Media, Travel

Sabah to look at opening border for Chinese tourists post Covid-19

Issued by Sabah Tourism, Culture, and Environment Ministry

KOTA KINABALU (Sabah, Malaysia), 11 JULY 2020: Sabah Deputy Chief Minister Christina Liew is upbeat about the possibility of reopening the shores of Sabah to international tourists from China for a start post-Covid-19.

Her enthusiasm stemmed from China’s announcement that it was considering
opening its borders to certain “green” countries for inbound and outbound tourism.

“The good news is that the ‘green’ countries include Malaysia. Once the Chinese travellers are allowed to come to Malaysia, it goes without saying
that they can come to Sabah.

“Consul-General of the People’s Republic of China in Kota Kinabalu, His Excellency Liang Caide informed me that China will resume the Hangzhou-Kuala Lumpur air route soon.

“They are planning to reopen the Hangzhou International Airport, and have identified six routes that include Hangzhou to Kuala Lumpur by Air Asia X,” she said after a recent meeting with the Consul-General.

Christina Liew and Liang Ciade

In their discussion, Liew, who is also Minister of Sabah Tourism, Culture and Environment, and Liang tried to map out the provinces in China that they might like to explore for the Chinese people to visit Sabah as tourists.

“After four months of business closure, we have a positive outlook on the outcome in the months to come. We are confident that the situation will gradually improve and it will be ‘business as usual’ by the end of the year or early next year.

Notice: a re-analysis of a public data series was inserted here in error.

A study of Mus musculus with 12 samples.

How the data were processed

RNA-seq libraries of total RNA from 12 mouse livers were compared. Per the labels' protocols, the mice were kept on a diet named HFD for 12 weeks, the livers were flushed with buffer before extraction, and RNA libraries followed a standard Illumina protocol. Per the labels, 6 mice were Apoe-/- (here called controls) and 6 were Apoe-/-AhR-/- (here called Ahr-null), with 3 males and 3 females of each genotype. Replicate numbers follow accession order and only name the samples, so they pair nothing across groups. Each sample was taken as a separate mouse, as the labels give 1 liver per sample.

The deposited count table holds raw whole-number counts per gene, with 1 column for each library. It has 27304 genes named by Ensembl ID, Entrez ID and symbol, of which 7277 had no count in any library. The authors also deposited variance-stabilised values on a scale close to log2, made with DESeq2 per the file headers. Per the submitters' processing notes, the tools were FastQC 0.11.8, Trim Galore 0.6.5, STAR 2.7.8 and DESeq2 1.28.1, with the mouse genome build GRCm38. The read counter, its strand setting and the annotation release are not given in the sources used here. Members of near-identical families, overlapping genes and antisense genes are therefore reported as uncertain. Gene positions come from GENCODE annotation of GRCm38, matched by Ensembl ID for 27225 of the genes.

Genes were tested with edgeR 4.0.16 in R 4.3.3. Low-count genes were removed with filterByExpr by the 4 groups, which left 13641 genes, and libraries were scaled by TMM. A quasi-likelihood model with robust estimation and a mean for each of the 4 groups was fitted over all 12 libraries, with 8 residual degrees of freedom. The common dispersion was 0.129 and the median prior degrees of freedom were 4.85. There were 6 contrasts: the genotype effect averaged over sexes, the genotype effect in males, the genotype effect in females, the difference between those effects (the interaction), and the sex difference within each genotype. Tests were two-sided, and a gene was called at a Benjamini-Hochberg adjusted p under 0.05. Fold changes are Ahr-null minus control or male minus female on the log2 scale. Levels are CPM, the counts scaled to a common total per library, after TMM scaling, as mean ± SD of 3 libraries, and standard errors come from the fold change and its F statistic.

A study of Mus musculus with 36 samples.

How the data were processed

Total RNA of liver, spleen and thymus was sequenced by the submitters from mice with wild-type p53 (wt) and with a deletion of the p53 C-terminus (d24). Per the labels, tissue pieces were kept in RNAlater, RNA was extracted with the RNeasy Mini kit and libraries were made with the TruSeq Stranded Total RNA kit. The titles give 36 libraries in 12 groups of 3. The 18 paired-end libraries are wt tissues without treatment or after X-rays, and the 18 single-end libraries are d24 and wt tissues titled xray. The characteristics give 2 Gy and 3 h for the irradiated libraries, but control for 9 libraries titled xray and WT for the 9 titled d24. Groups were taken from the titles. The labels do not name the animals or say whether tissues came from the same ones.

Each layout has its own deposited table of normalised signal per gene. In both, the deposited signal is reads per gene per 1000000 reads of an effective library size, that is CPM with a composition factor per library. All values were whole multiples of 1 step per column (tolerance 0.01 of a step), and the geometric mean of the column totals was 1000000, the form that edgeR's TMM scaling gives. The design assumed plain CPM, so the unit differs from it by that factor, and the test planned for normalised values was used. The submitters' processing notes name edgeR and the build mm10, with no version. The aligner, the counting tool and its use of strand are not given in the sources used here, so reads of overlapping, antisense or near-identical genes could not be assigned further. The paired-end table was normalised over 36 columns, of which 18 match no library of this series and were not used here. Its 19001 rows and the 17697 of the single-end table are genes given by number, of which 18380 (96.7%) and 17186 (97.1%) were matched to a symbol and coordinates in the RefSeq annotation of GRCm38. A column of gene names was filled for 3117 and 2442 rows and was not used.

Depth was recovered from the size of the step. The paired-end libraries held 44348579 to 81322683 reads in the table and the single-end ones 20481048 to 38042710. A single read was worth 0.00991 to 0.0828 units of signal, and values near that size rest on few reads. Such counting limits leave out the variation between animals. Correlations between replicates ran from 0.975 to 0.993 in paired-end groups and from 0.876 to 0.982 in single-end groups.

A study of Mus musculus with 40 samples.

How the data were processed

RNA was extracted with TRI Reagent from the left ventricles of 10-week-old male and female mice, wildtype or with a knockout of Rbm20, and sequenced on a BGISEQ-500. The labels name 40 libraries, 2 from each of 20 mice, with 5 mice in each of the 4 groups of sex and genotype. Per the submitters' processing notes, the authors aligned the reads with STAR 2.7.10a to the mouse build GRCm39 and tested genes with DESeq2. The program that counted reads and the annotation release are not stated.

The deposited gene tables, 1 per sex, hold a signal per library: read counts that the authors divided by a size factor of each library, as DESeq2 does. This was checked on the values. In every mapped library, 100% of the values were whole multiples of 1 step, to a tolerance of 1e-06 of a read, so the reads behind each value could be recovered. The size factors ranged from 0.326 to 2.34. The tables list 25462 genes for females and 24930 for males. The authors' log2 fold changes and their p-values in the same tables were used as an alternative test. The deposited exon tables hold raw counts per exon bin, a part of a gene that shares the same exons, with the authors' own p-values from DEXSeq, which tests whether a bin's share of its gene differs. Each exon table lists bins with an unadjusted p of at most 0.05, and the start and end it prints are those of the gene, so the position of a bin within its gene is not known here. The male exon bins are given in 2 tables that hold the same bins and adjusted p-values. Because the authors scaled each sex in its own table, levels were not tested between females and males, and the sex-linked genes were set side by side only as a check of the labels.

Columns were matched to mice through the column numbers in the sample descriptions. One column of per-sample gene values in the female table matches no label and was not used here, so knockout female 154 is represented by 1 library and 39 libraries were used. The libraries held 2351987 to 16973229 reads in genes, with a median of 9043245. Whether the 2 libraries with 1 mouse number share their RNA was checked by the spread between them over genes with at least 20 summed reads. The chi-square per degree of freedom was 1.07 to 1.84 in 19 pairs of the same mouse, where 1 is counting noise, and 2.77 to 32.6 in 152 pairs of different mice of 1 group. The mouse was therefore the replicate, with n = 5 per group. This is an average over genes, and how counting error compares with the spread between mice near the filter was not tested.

“We will sort out on a government to government (G2G) basis, the resumption of issuing the Malaysian visa to Chinese travellers,” the Minister said.

According to Liang, the Malaysian Embassy and Malaysia Consulate in China have stopped issuing tourist visas to Chinese citizens intending to visit Malaysia, in view of the Covid-19 pandemic and imposition of the Movement Control Order (MCO) in the country.

He said China’s Five-One policy is still in place, which allows each domestic airline to fly only once a week to any country (one international flight per week), while foreign airlines can fly into China no more than once per week.

For now, it is understood that flights between Malaysia and China are confined to ferrying Chinese nationals back to their country, while only a limited number of Chinese nationals with valid passes (issued by the Malaysian authorities in China) fly from China to Kuala Lumpur.

Meanwhile, Liew said she would invite the Consul-General to join her in her forthcoming visit to some tourist sites within Sabah such as the Danum Valley Conservation Area in Lahad Datu.

“In this way, His Excellency Liang will be able to assist in promoting Sabah which may be lesser known to certain provinces in China,” she added.